Austria's chancellor, Werner Faymann, has resigned from his post in a shock announcement, as the rise of the right-wing, anti-immigrant Freedom Party continues to be felt. Faymann, who had held post as the country's chancellor since 2008, quit because he had lost the support of his Social Democratic Party, which has been thrown into turmoil after the rise of the Freedom Party in April's presidential election and led many to question his leadership.
In the first round, Freedom Party candidate Norbert Hofer got 35.1% of the vote, more than triple what Austria's two mainstream, governing parties—the Social Democrats and the center-right Austrian People's Party—both achieved.
In a brief resignation speech, Faymann said: "The question is, does one, in these times of great challenges...have the strong backing of one's party? I must answer the question with a 'No.'"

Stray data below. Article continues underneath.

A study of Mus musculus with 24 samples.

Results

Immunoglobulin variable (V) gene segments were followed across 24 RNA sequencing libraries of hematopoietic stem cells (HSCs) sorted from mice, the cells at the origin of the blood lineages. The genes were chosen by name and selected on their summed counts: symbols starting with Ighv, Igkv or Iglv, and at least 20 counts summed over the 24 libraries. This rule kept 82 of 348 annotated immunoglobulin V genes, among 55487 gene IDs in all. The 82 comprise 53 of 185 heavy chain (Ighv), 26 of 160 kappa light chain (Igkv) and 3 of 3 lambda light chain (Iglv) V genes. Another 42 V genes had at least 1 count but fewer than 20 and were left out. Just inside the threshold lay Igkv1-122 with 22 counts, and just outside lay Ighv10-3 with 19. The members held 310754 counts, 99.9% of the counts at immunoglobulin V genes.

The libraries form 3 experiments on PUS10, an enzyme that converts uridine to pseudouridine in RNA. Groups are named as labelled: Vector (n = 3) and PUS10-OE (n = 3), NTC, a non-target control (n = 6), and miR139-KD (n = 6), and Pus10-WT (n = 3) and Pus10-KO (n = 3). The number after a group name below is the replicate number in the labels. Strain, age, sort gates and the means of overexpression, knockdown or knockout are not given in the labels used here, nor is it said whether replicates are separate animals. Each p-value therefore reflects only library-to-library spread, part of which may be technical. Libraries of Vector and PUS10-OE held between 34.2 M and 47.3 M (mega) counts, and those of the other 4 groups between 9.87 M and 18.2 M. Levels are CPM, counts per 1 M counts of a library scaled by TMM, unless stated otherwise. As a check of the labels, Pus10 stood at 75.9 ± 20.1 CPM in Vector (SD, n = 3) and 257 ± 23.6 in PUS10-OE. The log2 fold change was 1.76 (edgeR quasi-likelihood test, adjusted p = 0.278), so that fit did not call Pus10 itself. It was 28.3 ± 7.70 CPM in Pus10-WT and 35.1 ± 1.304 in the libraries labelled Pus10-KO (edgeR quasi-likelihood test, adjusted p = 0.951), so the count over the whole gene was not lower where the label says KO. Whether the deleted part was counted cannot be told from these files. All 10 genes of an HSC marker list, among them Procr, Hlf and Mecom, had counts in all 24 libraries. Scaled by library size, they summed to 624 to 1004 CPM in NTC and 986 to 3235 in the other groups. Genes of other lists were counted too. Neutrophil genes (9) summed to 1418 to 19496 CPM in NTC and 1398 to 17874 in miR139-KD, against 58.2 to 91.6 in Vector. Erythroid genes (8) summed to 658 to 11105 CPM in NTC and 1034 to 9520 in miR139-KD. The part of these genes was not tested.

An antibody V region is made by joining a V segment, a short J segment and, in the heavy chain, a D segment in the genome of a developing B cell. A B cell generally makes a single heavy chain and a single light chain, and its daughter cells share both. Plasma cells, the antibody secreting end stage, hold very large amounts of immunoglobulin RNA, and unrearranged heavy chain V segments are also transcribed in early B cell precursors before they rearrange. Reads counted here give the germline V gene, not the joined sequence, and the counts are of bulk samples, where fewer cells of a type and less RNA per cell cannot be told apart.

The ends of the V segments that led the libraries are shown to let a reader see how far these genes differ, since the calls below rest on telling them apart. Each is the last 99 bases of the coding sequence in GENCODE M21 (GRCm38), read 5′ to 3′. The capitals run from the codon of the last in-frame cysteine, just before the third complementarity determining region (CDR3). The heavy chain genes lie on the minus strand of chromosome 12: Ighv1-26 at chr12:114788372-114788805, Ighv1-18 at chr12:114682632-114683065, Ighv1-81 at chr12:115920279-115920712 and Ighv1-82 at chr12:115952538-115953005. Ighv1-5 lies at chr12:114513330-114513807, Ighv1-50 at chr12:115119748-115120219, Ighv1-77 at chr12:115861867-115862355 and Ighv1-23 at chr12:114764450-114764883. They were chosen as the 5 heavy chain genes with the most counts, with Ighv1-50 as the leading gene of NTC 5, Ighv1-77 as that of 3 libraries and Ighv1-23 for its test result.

"This country needs a chancellor whose party is completely behind him. This government needs a new start," reported Reuters on Monday (9 May).
Deputy Chancellor Reinhold Mitterlehner, the leader of the junior party in the governing coalition, will take over as chancellor, telling the Austrian news agency APA there was no need for new elections.
Faymann had been under pressure from trade unions to co-operate with the Freedom Party, which his party had pledged not to do in 2014. The political climate in Austria is seen as the bell weather for other parts of Europe, where political parties use the immigration crisis and unhappiness with the EU to garner support.
In France, right-wing populist leader Marine Le Pen may win the first-round presidential vote in 2017, while Denmark has seen the rise of the anti-immigrant Danish People's Party while Germany has seen the Alternative for Germany party poll well during state elections held in March 2016.